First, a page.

Odd resting posture in crambid snout moths

Hey ^^ Not sure if this is the place to ask but I’ve been wondering something so I thought I’d share here. I’ve recently noticed that some crambid snout moths I’ve spotted sit in an odd position while resting. Not all of them do this, like this elegant grass-veneer had nothing unusual about it, yet this mottled grass-veneer positioned itself like a playful dog and just stayed like that for quite some time. This clearly isn’t unique to mottleds, as this bluegrass webworm moth, this changeable grass-veneer , and many others I’ve seen around iNat are doing it as well!

Despite this clearly not being an uncommon sight, I can’t seem to find any explanation for it anywhere. Is this a breeding-related behavior? Is there something about their body structure that makes resting this way more comfortable to them? Is it even known why they do this? Maybe it’s an silly thing to question but it makes me giggle every time I see it and I’m just curious as to what the point of it is.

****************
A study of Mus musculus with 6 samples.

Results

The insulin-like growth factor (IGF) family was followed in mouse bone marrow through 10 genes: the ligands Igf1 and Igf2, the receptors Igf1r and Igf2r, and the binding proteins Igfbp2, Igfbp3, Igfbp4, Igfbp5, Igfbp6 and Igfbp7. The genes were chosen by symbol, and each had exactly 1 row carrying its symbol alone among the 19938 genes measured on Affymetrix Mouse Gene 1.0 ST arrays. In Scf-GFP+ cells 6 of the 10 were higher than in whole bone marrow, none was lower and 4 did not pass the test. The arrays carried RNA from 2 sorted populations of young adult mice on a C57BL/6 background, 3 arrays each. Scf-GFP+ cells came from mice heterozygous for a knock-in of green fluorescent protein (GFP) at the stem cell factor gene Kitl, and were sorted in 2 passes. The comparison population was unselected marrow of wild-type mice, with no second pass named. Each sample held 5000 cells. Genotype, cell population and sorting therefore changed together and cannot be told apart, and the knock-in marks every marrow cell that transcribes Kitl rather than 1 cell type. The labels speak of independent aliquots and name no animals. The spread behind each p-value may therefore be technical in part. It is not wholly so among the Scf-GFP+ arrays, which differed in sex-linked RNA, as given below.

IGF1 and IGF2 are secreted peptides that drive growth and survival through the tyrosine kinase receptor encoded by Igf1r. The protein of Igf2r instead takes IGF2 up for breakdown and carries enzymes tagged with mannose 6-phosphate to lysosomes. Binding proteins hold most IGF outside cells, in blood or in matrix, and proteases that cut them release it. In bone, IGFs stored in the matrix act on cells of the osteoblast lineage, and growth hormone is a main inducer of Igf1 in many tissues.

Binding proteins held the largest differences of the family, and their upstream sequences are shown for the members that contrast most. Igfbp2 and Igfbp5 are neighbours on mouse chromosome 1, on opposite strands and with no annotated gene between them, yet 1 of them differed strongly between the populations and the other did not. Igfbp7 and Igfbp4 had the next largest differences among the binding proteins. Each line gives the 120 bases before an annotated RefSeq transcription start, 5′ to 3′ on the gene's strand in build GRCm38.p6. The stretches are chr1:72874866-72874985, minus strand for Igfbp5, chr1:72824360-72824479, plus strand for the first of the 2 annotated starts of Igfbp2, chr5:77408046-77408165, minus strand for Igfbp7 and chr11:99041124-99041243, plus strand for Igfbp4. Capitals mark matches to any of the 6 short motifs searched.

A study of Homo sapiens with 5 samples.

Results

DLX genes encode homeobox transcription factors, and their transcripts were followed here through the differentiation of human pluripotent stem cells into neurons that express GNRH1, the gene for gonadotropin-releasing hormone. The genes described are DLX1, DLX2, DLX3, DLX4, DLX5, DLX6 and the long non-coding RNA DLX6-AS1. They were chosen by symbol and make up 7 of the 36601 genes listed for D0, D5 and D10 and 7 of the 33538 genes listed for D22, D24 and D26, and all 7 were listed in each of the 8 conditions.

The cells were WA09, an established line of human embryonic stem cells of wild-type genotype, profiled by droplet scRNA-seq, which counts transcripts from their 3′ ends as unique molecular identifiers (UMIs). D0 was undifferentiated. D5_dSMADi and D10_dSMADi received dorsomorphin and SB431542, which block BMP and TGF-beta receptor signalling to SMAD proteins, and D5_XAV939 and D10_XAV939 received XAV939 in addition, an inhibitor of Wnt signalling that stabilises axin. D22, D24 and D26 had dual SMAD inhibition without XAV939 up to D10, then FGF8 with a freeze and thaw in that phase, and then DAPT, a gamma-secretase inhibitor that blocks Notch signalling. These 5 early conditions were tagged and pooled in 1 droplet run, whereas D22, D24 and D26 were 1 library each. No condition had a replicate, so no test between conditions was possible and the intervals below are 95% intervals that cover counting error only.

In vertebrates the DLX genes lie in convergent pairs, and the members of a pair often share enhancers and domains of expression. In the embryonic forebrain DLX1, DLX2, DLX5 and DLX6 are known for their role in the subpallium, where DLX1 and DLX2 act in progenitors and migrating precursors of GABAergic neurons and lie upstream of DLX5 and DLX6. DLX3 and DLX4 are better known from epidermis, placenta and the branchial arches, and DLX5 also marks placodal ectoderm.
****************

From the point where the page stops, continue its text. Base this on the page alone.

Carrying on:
There are, as you noted, quite a few Crambids that do this. There’s also a number of moths that do the reverse, where they’re propped up high on their front legs. Caloptilia are good examples of this, and I think some of the Crambids do so as well. I would guess, given that these are resting positions, that camouflage is driving it. (When you spot them near lights, they’re not choosing their normal sort of resting spots, so the camouflage doesn’t really work…)


Oh I suppose camouflage would make sense! :D Many of the tiny crambid moths seem to be pretty good at that. Thank you for your insight ^^

Agreed on camouflage. I think that when they strike this pose in vegetation, they appear like a broken twig. Like psweet says, when they do it on a moth sheet or something else, it looks funny, but it has a purpose in other contexts.


Too cool! Thanks for the explanation!

Speaking of odd resting posture, try this guy on for size.




As a general comment the resting posture is one of the many clues you have in the field to identify a moth to say family level, if you combine that with other clues such as size, antennae shape, where the antennae rests, shape of wings etc. And always be on the lookout for exceptions, where there likely will be many.